Pentagon Monitors Thailand Flood Situation
By Jim Garamone
American Forces Press Service
WASHINGTON, Oct. 25, 2011 – Defense officials are carefully monitoring the situation in Thailand as that nation faces the worst flooding it’s had in more than 50 years.
Recent flooding across Thailand has killed more than 360 people, and more than 2.5 million people have been affected, Thai government officials said.
Defense Secretary Leon E. Panetta, who is traveling in Asia, has expressed serious concern about the disaster, said Pentagon Press Secretary George Little, who is with Panetta’s traveling party.
The defense secretary “offers his deepest condolences to all those who have suffered as a result,” Little said in a written statement. “The secretary is closely monitoring the situation, and applauds the Thai government’s quick response to this major natural disaster. Thailand is a close ally, and we will continue to work with Thai officials to assess what they may need in the form of assistance from the United States.”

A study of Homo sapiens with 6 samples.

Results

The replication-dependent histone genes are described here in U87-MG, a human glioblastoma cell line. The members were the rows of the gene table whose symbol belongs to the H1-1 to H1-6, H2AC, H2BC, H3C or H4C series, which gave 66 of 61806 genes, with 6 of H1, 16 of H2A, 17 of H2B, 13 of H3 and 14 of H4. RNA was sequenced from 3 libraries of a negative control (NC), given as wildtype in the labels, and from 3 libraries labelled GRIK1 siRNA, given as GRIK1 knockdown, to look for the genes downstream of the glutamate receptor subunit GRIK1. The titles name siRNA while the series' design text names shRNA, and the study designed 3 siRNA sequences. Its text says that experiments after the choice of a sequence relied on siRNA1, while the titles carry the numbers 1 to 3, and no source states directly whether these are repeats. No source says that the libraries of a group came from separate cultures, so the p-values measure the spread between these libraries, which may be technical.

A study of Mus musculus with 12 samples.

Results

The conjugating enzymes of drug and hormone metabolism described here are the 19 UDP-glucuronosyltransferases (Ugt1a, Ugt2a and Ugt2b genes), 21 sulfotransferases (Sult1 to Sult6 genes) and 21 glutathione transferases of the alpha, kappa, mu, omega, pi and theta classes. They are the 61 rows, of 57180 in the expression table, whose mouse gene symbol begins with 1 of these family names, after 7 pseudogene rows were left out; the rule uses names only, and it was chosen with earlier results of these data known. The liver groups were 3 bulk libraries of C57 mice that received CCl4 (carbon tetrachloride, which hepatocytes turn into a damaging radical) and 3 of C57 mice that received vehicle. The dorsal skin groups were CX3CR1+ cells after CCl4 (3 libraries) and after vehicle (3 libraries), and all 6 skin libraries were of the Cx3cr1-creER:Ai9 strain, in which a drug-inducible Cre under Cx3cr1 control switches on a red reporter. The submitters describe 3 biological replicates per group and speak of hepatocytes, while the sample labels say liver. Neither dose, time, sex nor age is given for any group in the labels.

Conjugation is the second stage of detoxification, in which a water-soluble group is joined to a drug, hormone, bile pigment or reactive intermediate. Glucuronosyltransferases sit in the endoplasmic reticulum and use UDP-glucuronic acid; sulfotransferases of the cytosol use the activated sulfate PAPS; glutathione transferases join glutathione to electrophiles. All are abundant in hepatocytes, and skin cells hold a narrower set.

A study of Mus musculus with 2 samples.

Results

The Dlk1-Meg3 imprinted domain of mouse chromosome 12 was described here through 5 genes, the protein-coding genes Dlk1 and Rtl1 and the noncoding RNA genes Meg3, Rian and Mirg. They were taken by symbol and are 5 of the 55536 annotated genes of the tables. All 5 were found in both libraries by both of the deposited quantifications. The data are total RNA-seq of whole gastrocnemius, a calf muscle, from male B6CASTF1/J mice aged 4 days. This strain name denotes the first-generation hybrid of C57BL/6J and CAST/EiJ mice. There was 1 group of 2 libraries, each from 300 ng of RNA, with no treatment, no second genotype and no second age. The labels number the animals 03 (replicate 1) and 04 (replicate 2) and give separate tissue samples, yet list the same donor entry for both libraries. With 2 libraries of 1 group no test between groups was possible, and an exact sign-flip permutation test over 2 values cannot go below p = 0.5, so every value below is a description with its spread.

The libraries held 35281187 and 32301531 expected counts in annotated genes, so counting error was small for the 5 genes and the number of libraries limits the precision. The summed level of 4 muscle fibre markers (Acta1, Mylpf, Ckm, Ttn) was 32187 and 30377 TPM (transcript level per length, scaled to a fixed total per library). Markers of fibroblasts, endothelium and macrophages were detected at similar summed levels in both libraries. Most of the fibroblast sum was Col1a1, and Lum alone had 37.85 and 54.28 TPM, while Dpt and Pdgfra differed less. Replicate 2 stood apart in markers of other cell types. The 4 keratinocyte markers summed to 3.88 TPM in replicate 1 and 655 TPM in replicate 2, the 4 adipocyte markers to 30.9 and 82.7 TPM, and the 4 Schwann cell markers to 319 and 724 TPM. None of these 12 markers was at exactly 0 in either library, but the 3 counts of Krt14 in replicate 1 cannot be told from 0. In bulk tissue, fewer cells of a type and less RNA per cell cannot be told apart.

When the flooding started, U.S. Pacific Command ordered the George Washington Carrier Strike Group, which was conducting a port visit to Singapore, to get underway earlier than scheduled to pre-position in case assistance was required. The command sent a 10-Marine humanitarian assistance survey team from Okinawa, Japan, to Bangkok, Thailand, to assess the situation in the country.
After meeting with Thai officials, the team determined that U.S. military assistance was not needed.
“The Thai government and military have led a tremendous effort to protect and help its citizens during the recent flooding,” Pentagon officials said.
The Navy ships have been released to participate in a previously scheduled annual exercise with the Japan Maritime Self Defense Force, Pentagon officials said. The destroyer USS Mustin now plans a previously unscheduled port visit to Laem Chabang, Thailand, to conduct community service events and military-to-military engagements.
Pacific Command officials are working with the U.S. Embassy in Bangkok to determine if U.S. military assets are needed to support the Thais.